Award-winning sweet corn -- How Sweet It Is

By , Staff writer of The Christian Science Monitor

MORE than 7,000 years ago the Indians of Mexico began taming and selectively breeding a wild grass called teosinte, which produced a handful of edible grain kernels. They did this so effectively that over millenniums they converted a strawlike stem, producing perhaps half a dozen kernels, into the thick cob and tightly packed rows of modern-day corn, or maize, as it is more widely known. What the Indians began, modern-day agriculturists have continued ever since. The latest advance comes in the form of a new sweet corn, How Sweet It Is, considered improved enough over the many other good sweet corns to win an All-America Selections award this year.

At the same time the National Garden Bureau, an educational arm of the American seed industry, has seen fit to make 1986 the Year of the Corn (food crop) as well as the Year of the Sunflower.

How Sweet It Is is one of the new high-sugar corns that retain their sweetness for many days after picking. In other words, you can pick your corn today and still find it agreeably sweet even if you don't cook it for a week. That was something the old sweet corn varieties could never do. They were noticeably less sweet the day after picking and had lost almost all their sweetness within three days. But many of the new supersweets had their problems, too. They had durable sweetness all right, but somewhere along the road to becoming supersweet, they lost that genuine corn flavor.


Corn has proved to be one of this world's more climatically adaptable plants. From Central America the Indians took corn both north and south. After Columbus returned to Spain with seeds in 1493, it quickly spread around the world, following the trade routes of the early Portuguese navigators. With a few exceptions it seemed to adapt to whatever climate it was taken to.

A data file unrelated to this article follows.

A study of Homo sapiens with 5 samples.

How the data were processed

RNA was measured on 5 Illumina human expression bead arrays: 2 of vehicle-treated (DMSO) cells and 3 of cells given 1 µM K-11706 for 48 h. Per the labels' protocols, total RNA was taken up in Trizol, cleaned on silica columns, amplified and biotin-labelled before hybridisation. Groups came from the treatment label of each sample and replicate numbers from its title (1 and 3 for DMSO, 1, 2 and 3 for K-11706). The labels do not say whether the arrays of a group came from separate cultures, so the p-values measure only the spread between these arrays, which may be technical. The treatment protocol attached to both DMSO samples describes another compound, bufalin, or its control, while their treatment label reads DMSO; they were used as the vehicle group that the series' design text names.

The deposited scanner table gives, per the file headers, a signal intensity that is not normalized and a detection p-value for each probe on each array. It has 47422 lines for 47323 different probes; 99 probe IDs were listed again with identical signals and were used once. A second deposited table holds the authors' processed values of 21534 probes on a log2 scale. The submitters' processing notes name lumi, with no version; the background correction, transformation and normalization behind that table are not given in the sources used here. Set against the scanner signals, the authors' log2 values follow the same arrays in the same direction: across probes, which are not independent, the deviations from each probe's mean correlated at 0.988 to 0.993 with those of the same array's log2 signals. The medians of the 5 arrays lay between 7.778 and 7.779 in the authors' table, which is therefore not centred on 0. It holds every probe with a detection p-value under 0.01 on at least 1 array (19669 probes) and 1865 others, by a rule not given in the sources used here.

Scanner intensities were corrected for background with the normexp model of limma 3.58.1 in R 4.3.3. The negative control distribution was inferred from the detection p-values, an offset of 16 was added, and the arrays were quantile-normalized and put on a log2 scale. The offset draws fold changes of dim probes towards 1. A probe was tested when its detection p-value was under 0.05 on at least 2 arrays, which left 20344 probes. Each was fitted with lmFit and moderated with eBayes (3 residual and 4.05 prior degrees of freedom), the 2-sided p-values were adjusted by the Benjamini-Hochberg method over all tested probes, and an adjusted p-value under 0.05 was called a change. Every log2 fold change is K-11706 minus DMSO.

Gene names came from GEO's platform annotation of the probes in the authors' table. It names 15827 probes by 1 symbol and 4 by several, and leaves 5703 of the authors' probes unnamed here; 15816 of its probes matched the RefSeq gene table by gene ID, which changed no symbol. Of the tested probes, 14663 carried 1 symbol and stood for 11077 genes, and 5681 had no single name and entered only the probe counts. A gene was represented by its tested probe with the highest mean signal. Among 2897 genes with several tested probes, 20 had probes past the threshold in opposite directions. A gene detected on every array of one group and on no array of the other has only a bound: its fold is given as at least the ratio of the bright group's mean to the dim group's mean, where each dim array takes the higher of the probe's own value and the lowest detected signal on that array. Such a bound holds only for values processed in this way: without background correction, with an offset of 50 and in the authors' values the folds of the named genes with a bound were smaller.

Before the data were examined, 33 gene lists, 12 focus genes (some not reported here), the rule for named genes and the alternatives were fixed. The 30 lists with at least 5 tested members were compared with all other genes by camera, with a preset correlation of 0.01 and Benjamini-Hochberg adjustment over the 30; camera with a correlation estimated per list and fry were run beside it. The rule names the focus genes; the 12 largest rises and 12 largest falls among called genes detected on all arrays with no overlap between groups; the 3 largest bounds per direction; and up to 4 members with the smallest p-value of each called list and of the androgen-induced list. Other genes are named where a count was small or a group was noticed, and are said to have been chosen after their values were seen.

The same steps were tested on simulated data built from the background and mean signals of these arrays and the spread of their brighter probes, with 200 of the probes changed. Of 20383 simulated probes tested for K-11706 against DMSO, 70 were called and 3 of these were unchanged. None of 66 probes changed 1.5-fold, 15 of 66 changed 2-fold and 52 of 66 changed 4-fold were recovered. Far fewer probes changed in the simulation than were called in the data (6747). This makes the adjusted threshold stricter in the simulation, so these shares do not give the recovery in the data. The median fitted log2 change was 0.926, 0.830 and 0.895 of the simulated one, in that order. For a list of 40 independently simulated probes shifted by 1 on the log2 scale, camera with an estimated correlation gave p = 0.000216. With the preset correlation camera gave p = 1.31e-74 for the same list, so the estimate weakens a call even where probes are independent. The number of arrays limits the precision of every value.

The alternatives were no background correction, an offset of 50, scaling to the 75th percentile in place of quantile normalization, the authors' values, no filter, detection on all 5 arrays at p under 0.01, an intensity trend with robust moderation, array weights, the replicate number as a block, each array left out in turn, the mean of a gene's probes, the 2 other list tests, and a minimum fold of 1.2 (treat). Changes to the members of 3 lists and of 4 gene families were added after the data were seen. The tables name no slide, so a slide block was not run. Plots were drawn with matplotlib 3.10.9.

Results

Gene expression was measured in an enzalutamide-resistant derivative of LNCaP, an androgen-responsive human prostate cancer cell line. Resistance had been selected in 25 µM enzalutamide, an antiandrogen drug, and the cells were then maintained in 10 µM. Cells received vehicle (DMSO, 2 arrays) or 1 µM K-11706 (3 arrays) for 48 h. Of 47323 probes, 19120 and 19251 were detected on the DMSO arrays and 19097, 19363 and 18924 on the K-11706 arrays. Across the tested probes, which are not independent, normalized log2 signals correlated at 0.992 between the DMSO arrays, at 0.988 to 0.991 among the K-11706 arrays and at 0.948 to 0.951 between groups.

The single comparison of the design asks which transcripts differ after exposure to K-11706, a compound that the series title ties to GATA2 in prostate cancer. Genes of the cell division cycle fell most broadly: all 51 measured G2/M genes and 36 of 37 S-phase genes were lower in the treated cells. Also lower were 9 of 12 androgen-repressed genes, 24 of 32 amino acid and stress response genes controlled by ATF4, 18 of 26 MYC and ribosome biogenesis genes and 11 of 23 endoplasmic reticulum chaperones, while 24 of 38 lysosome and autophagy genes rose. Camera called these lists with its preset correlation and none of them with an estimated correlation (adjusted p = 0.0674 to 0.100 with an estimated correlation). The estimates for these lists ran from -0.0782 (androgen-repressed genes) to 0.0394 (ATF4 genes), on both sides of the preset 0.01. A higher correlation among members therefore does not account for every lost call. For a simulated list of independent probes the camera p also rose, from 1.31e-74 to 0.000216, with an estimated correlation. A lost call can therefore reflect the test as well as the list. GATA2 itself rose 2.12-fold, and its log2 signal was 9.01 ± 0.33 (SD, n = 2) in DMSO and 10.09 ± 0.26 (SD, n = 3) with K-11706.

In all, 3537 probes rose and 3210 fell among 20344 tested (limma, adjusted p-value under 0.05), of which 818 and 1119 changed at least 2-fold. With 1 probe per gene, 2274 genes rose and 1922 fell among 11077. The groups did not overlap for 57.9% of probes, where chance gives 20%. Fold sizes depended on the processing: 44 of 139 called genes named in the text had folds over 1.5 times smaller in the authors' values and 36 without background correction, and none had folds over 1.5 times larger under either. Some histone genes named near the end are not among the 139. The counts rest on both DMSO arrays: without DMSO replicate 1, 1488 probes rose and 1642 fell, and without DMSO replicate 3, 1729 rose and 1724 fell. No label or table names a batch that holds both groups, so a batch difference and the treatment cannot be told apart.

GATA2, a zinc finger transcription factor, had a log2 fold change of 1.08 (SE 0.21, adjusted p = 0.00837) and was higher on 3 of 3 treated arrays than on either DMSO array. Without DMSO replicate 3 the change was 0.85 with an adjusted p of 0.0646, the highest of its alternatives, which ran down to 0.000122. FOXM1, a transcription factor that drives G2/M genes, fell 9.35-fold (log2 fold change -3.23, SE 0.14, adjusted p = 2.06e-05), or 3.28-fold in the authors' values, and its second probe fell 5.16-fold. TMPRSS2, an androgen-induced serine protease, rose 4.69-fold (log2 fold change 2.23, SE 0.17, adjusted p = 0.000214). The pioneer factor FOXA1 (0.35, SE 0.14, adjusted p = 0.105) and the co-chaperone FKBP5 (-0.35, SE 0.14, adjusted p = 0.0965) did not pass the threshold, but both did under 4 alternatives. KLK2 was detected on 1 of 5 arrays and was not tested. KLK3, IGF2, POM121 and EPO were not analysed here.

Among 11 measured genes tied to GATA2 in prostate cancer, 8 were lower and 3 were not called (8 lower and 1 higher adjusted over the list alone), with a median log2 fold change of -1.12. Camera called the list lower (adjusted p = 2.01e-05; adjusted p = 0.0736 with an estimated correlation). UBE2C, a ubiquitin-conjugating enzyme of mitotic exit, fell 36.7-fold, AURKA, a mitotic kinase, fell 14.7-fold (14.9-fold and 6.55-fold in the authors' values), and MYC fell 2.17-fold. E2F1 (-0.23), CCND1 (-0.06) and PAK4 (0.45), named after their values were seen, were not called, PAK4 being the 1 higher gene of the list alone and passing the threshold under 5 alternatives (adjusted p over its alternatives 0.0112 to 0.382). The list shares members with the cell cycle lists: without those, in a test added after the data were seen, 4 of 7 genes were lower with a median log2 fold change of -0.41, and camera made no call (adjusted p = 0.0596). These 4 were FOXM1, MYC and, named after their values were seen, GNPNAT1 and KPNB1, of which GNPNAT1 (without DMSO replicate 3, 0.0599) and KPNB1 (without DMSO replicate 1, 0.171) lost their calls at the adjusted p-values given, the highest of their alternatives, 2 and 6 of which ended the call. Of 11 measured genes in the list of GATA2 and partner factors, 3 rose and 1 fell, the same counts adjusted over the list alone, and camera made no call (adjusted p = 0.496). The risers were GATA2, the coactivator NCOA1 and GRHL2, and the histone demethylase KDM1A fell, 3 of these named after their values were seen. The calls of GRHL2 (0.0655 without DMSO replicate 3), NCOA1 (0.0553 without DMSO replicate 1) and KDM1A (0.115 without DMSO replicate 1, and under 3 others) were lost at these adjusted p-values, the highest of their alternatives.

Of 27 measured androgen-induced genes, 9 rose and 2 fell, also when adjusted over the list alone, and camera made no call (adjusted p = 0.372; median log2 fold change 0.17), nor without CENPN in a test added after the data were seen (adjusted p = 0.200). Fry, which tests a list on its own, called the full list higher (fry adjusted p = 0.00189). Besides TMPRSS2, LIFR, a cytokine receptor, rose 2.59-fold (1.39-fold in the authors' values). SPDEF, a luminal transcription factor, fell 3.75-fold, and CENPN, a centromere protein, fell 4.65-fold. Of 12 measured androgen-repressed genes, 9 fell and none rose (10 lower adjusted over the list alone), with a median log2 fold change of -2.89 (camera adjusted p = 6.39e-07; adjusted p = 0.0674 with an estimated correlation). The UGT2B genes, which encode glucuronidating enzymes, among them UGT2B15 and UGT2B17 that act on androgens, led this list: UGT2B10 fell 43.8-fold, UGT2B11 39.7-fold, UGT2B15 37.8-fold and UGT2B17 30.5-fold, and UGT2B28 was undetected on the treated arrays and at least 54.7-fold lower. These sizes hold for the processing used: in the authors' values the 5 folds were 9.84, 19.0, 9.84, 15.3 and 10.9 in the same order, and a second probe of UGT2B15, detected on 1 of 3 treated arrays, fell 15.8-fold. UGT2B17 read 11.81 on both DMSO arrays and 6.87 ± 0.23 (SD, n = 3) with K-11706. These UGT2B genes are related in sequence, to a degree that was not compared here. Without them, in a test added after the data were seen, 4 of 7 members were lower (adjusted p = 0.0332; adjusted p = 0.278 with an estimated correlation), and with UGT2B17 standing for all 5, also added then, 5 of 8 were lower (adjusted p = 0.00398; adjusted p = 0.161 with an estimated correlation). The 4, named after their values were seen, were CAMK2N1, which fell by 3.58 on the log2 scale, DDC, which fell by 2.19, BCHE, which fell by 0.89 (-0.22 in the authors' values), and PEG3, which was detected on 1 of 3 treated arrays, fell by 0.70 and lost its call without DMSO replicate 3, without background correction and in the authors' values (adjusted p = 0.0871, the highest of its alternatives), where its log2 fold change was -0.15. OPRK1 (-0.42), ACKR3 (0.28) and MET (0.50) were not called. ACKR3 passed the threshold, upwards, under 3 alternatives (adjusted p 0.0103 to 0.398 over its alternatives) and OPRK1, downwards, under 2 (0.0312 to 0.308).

Colonists in this country were introduced to many varieties of corn by the Indians. In 1779 the first recorded sweet corn was collected from the Iroquois. In 1821 a Connecticut seed company listed what it called sugar corn in its catalog for the first time. Much of the early selection and breeding of sweet corns was done in New England; in 1924 the Connecticut Agricultural Experiment Station introduced the first hybrid sweet corn -- Red Green.

We eat processed field corn as breakfast cereals, grits, corn muffins and breads, chips, and margarine. But for most of this century we have turned exclusively to the sweet variety when eating freshly picked corn.

Fortunately corn, sweet or otherwise, is one of the easier crops to grow, given adequate space and plenty of sun. For tiny gardens there's even a dwarf variety, Golden Midget, so compact that it can be grown in pots on the patio. It produces four-inch ears on stalks less than three feet tall. I've grown them myself, and the flavor is good.

Average garden soil will support sweet corn, but the richer the soil the better the harvest. Really good soil will yield two good-sized cobs a plant. The ideal is to grow a green cover crop in the fall, till this in in the spring, and then turn in compost or manure to a depth of 12 inches. With little or no compost add a pound of 10-10-10 commercial fertilizer or bonemeal for each 25 feet of row.

Most corn does well when planted out directly in soil that has warmed to about 60 degrees F. or more. On the other hand horticultural researcher David Tresemer of Brattleboro, Vt., gets great results with 12-inch transplants that he starts indoors in two-inch soil blocks.

Sow the seed 1 inch deep, 4 to 6 inches apart, in rows 30 inches apart. Have at least 4 rows to produce the block effect so important for good pollination of corn. When the seedlings are 4 inches tall, thin to 12 to 15 inches apart.

Another option, where space is limited, is to grow four plants wherever you have a spare square foot of soil. Plant one seed at each corner of the square foot. You may want to plant extra seeds to allow for less-than-perfect germination; you can always thin later.